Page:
Monday, August 24, 2015

No Gimmicks Here

"Sunday Notes" by Steve Mann
Hillsborough NC newspaper
March 30, 1982


Professional rassler Johnny Weaver has his answers down pat after 19 years in the business.

Weaver, who admitted to being "over 40" but would agree to no more, was in Hillsborough earlier this week as part of a pro rasslin' card at Orange High School.

And when asked about some of the gimmicks fellow grapplers employed during his sterling career that has included tag-team championships with partner George Becker, Weaver said he couldn't think of any.

"That's not true" (that pro rasslers have gimmicks), said Weaver, who became known for his sleeper hold and figure-four toehold. "The only one I could think of would be Gorgeous George," who was pro rasslin's original prima donna.

When reminded of such performers as the masked Bolos or Homer O'Dell, the infamous manager who cracked people over the head with his cane, or the Moondogs who howl and are reputed to know less English than a new-born babe in China, Weaver said those weren't gimmicks.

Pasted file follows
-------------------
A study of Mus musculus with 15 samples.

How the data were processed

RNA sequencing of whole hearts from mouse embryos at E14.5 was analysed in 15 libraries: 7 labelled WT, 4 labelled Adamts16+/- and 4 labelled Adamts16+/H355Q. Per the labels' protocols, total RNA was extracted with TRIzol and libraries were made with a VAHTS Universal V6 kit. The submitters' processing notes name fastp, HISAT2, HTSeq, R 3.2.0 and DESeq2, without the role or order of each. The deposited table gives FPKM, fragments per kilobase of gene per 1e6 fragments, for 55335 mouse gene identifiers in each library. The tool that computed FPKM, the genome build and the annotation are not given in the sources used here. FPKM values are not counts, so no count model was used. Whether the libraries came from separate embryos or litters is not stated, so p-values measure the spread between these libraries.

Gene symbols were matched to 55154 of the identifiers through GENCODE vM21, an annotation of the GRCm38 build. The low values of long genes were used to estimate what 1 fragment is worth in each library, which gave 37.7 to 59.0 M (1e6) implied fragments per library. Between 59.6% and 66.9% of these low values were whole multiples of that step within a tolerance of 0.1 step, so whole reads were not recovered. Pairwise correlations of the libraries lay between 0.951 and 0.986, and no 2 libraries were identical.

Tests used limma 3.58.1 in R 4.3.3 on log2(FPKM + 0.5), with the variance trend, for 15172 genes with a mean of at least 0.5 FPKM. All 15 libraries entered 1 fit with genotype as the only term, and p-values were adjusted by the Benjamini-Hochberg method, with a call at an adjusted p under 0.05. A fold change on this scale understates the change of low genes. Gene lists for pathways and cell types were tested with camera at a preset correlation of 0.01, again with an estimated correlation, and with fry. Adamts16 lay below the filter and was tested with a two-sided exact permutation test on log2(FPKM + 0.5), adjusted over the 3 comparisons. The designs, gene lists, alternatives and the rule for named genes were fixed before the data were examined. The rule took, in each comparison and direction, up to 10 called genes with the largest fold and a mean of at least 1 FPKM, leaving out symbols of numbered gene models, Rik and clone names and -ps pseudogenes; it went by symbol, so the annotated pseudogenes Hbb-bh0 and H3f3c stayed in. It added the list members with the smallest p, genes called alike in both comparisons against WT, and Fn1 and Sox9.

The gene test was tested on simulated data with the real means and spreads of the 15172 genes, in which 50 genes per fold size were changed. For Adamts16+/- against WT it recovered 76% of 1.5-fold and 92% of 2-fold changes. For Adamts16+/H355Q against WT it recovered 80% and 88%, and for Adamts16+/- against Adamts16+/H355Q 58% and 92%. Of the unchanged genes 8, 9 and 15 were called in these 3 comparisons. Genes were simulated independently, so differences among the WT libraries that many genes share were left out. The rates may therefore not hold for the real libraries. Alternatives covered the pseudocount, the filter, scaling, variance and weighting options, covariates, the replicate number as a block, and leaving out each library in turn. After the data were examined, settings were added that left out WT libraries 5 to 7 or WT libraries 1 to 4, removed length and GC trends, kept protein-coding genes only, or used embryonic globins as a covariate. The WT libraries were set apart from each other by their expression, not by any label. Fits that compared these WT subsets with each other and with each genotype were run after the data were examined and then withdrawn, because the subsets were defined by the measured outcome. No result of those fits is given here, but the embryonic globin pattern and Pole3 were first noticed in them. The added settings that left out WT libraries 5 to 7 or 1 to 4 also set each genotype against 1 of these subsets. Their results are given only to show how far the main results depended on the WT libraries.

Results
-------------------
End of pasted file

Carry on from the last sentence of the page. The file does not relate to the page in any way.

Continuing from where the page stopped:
"That's just part of the rassler," said Weaver, raised in Indianapolis, but who now calls Charlotte home. "That's no gimmick. That's just them."

Wonder what Weaver would call the get-up of Ninja, who rassled the match previous to Weaver's?  Ninja wore Japanese flip-flops and a pillow case over his head and fooled around with those martial arts chopsticks called nunchaks.

The oriental's opponent refused to tango until the pillow case was removed. It was, only to reveal a white-painted face with red lines extending from his eyes, purple lips and purple tongue. Ninja then wowed the crowd by blowing a stream of green smoke.

Glad to hear it's not a gimmick. For a moment there, I started to think that stuff was fake.

Saying as much rankles Weaver, in fact.

"Anybody who thinks pro rassling is fake is showing their ignorance," he snarled. "If they look at my scars," he said, pointing to his forehead, "and think catsup comes out of there, then they are really ignorant."

By the way, Weaver's popularity doesn't seem to be on the wane at all. His appearance drew hundreds of youngsters to him, each clamoring for an autograph.

And the hero, who has a daughter graduating from N. C. State University next month, obliged them all.